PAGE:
Hayden: 'Added Ducati feedback important'

Monday, 18 March 2013

Nicky Hayden has praised the amount of feedback Ducati will receive over the course of 2013, with a quartet of regular riders all able to report back. The 2006 World Champion is now looking to make up lost ground.

Ducati Team is yet to claim a world title since it first did so with Casey Stoner in 2007. Now heading into its first full season under Audi ownership, the outfit is headed up by German Bernard Gobmeier who replaces stalwart Filippo Preziosi.

"I would say that in past years Ducati has been pretty close with the satellite team and the engineers are the same," Hayden said during a Red Bull Indianapolis GP teleconference. "This year, all four bikes are full factory bikes and full factory efforts. We need that. The more data and feedback and the more different styles is going to be important and useful for the engineers."

At the same time, the American admits his frustration over not visiting last week’s private test at Circuit of the Americas – attended by rivals Honda and Yamaha.

"I love going to new tracks for the first time," he continued. "I was flying home from Germany and had a four-hour layover in Chicago, so I was killing time and reading up on what the guys had to say about the track. It was frustrating. Obviously I hated not being there and I hated giving those guys a big head-start."

Heading all three days in Texas was rookie Marc Márquez. Although off-season lap times are always joined by speculation, the Spaniard continues to excite.

"Well, it is impressive," Hayden admitted. "You don't need me to tell you that. I don't think anybody doubted that he was going to be fast after what we saw in 125 and Moto2. When you’re fast, you’re fast. I would say to be quite this quick - and so consistently quick - this early…it wasn't expected and for some of us riders we aren't so pumped on it. Honestly, I think we wanted to give him a little more time, and he is going to be exciting for the sport. He rides very hard and he is very hungry. You know, if he can stay healthy, he is really going to shake things up this season. So he is being very, very impressive and very fast, which is a bit of his own style. He could be a game-changer to MotoGP and all of road racing."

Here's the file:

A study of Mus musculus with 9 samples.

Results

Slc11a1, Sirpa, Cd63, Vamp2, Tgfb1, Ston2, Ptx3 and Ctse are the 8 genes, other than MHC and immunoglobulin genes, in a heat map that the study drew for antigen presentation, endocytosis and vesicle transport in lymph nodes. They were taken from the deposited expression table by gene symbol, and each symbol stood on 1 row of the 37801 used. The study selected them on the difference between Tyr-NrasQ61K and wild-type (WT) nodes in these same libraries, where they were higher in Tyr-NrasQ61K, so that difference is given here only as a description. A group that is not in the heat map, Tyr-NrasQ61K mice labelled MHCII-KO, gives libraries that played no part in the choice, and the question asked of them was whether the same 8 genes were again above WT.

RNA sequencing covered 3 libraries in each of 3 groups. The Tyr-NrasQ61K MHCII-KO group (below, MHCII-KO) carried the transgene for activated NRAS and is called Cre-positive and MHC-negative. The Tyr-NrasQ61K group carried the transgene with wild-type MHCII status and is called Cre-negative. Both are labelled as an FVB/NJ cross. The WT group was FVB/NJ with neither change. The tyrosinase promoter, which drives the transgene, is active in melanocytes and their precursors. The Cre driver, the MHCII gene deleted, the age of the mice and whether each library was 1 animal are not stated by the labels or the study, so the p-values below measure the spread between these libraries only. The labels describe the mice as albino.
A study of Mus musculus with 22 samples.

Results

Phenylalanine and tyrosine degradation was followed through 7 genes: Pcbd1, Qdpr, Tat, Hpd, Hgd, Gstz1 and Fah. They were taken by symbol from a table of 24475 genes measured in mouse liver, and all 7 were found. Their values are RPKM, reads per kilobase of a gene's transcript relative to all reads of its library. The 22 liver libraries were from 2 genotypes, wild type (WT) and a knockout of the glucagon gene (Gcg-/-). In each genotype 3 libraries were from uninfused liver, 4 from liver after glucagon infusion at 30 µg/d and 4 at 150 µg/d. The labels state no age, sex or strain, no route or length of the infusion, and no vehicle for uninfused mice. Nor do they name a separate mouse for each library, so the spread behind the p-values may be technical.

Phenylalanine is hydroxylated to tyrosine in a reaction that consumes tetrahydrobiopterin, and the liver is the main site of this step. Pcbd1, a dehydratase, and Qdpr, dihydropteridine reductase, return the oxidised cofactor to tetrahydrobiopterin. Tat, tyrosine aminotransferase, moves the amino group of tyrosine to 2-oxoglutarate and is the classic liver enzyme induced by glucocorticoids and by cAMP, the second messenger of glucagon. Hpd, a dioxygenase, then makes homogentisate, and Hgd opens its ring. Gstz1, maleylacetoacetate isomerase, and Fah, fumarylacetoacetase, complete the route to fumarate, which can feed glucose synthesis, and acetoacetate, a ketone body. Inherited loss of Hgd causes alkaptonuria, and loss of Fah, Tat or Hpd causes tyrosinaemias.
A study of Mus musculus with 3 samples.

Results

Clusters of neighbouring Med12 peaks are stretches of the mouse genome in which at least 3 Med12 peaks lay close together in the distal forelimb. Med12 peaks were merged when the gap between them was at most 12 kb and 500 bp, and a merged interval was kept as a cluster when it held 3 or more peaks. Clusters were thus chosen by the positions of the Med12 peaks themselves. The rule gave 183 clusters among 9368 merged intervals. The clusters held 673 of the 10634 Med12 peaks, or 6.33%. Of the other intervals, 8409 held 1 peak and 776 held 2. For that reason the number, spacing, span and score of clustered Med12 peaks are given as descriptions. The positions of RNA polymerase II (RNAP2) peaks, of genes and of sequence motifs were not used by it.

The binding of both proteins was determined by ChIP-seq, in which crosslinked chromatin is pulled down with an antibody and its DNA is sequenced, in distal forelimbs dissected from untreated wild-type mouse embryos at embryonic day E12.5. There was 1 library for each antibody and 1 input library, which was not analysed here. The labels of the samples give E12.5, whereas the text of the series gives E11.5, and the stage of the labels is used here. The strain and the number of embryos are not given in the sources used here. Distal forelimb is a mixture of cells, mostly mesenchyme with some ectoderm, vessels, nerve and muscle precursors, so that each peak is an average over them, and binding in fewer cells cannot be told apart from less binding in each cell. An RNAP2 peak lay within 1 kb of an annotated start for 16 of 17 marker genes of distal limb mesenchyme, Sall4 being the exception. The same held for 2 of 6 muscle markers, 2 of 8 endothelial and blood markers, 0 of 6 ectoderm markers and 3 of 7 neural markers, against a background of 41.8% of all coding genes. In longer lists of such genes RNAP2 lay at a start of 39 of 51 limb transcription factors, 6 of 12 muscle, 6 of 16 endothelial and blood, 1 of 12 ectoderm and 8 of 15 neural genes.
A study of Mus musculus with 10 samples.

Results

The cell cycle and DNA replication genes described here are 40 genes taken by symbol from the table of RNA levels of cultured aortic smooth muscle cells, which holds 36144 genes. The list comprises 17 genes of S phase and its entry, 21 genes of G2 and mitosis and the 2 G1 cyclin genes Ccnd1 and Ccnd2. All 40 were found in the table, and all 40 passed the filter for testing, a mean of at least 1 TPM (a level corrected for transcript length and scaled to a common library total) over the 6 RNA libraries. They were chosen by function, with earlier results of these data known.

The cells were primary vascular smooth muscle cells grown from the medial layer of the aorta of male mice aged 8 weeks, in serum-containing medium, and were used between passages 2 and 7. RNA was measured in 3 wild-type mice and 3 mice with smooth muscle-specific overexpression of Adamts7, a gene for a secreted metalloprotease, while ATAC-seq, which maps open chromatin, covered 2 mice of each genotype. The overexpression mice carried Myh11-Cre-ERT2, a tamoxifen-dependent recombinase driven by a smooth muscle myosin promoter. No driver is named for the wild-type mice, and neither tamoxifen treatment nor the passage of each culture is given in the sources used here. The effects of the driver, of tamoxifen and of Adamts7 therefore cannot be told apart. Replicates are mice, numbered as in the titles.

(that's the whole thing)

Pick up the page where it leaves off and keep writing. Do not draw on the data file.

Hayden’s world title for Honda was the first for an American since Kenny Roberts Junior’s in 2000, although prior to that one had to look back to 1993 and Kevin Schwantz. In order to encourage a new breed of American riders, Hayden believes solid foundations must be put in place.

"In the early 80s and the 90s all the dirt trackers made the transition to 500," he recalls. "They were really suited to those, with the amount of power and their sliding - I think dirt track was the best training for that. Now the sport has changed a lot, with the electronics, the tyres and the way the four-strokes are ridden. In Spain, I would say the main thing they are doing so good is starting the kids so young. It doesn't matter if you are golfing, riding motorcycles or want to be a cook. It is a young man's game. The younger you start, the better you are. There are academies and schools, where they are starting these kids on road racing on real bikes and real competition at a young age. If America wants to catch up, that is what America is going to have to do. The age limit in America is a little different and it makes it a little bit harder (but) we need to follow those next steps and get some kids in a competitive series earlier, like the Rookies Cup in Europe. It has certainly helped."

On Monday and Tuesday of this week, Hayden and fellow countryman Ben Spies (Pramac Racing Team) head to Circuit of the Americas in order to launch the Ducati 1199 Panigale R. Both riders will sample the Austin track for the first time.